An annual excursion to Singapore provides RMIT University’s Health and Physical Education students with a unique learning experience and a chance to apply their skills in an international setting.
Students in their final year of a Bachelor of Applied Science (Health and Physical Education) have the opportunity to complete a work placement in Singapore, teaching at a local secondary school.
Coordinated by Dr Jason Wong, physical education lecturer from the School of Health and Biomedical Sciences, the trip reflects RMIT’s commitment to giving students the opportunity to experience a diversity of people and culture and prepare them for global careers.
“Our overall aim is to prepare students to be work-ready, to have a universal outlook and to be competent as future teachers,” Wong said.
“This placement really provides an opportunity for students to enhance their teaching approach and improve their employability upon graduation.”
The international experience forms part of student’s compulsory teaching placement which is a prerequisite for their teacher registration.
The selection process is competitive and students are chosen based on their ability to demonstrate why they should be selected and how the experience will enhance their career.
Students are based in Singapore for four weeks, teaching up to four hours a day – excluding planning and preparation – under the supervision of the local school’s physical education staff at Christ Church Secondary School.
In the lead up to the trip, Wong meets regularly with students to prepare them for the different aspects of teaching in Singapore and to design classes.
“In addition to teaching, students prepare a professional learning workshop for the school’s physical education staff,” Wong said.
“They are briefed thoroughly on the expectations of the teaching placement, as well as cultural differences and management.”
Health and Physical Education student, Jarrod Mitchell took part in the excursion in 2016.
“A lot of our planning for lessons involved working out how to manage the large number of students effectively; including how to get them into groups, how to transition between activities etc.,” Mitchell said.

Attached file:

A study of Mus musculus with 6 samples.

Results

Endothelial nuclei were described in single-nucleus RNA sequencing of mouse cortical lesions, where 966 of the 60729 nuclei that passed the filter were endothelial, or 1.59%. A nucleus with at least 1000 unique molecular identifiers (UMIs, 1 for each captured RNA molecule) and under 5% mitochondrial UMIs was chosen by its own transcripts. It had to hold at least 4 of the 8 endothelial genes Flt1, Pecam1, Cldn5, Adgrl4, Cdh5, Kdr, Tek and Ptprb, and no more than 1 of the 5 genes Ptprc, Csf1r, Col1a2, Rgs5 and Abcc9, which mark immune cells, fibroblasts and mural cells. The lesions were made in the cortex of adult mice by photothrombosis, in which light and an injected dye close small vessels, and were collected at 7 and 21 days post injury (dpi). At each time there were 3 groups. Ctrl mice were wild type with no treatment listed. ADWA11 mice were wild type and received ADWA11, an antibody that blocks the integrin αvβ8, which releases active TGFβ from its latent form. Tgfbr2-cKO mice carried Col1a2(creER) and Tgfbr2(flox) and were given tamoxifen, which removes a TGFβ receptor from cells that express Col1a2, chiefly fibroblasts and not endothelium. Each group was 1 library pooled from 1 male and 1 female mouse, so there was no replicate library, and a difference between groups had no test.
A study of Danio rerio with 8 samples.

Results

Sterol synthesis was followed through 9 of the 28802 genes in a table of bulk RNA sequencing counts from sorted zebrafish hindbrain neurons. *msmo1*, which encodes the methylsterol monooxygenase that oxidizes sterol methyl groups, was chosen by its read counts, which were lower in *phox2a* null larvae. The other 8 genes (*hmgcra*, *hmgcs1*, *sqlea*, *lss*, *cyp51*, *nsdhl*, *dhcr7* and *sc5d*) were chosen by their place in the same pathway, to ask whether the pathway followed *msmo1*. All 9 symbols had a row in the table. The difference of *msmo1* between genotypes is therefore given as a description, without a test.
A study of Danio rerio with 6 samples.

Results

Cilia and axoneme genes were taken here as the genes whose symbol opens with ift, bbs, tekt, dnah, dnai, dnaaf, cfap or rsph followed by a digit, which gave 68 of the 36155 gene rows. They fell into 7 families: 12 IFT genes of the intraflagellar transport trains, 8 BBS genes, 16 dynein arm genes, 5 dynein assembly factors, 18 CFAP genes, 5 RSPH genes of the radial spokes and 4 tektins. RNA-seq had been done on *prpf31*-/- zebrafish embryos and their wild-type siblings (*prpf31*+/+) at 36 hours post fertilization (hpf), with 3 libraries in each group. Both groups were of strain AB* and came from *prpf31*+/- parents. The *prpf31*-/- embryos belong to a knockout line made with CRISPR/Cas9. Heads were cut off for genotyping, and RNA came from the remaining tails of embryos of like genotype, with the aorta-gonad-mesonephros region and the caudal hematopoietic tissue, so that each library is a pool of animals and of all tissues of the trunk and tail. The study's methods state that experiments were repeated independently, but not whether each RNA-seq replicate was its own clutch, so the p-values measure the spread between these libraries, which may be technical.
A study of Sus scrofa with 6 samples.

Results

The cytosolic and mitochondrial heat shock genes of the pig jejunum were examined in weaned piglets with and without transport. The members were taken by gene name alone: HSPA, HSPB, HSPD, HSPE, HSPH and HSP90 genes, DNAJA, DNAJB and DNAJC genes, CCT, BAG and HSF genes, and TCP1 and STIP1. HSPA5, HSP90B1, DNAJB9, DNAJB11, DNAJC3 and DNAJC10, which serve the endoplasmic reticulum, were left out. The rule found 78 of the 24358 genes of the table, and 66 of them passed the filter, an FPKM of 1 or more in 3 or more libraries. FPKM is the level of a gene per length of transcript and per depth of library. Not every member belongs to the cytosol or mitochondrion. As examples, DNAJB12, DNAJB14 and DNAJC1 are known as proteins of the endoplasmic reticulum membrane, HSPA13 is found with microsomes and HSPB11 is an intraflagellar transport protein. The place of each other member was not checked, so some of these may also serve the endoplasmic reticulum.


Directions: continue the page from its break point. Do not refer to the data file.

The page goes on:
“We also had to plan short, clear explanations of activities and teaching points so that we were not talking too much and confusing the students with our accents and pronunciation.”
Mitchell said there are multiple differences, in terms of education, between Singapore and Australia.
“One of the main differences is the class sizes – there can be over 40 students in one class in Singapore,” he said.
“Another difference is their daily schedule; they start their school day at 7:30am and most students have classes until 4pm with some students even staying as late as 7pm!
“Professionally, I grew a lot over the period through the process of learning how to communicate effectively with others in our team and by taking on board some honest feedback,” Mitchell said.
“Overall, I think it was hugely beneficial to be able to explore a different style of education and to manage students with different cultural backgrounds.”
In their spare time, students are free to visit Singapore’s sites including Sentosa Island, Universal Studios, the Singapore Zoological Gardens and Orchard Road.
Wong said the students understand the significance of having an opportunity to teach in a foreign country.
“Many previous participants are now confidently teaching in a professional capacity – both here and overseas – and their feedback post-trip is that the experience was really constructive,” Wong said.
The Singapore teaching experience was developed by Dr Wong and Mr Gerard Morais, an RMIT Health and Physical Education graduate, who both have a background teaching in Singapore.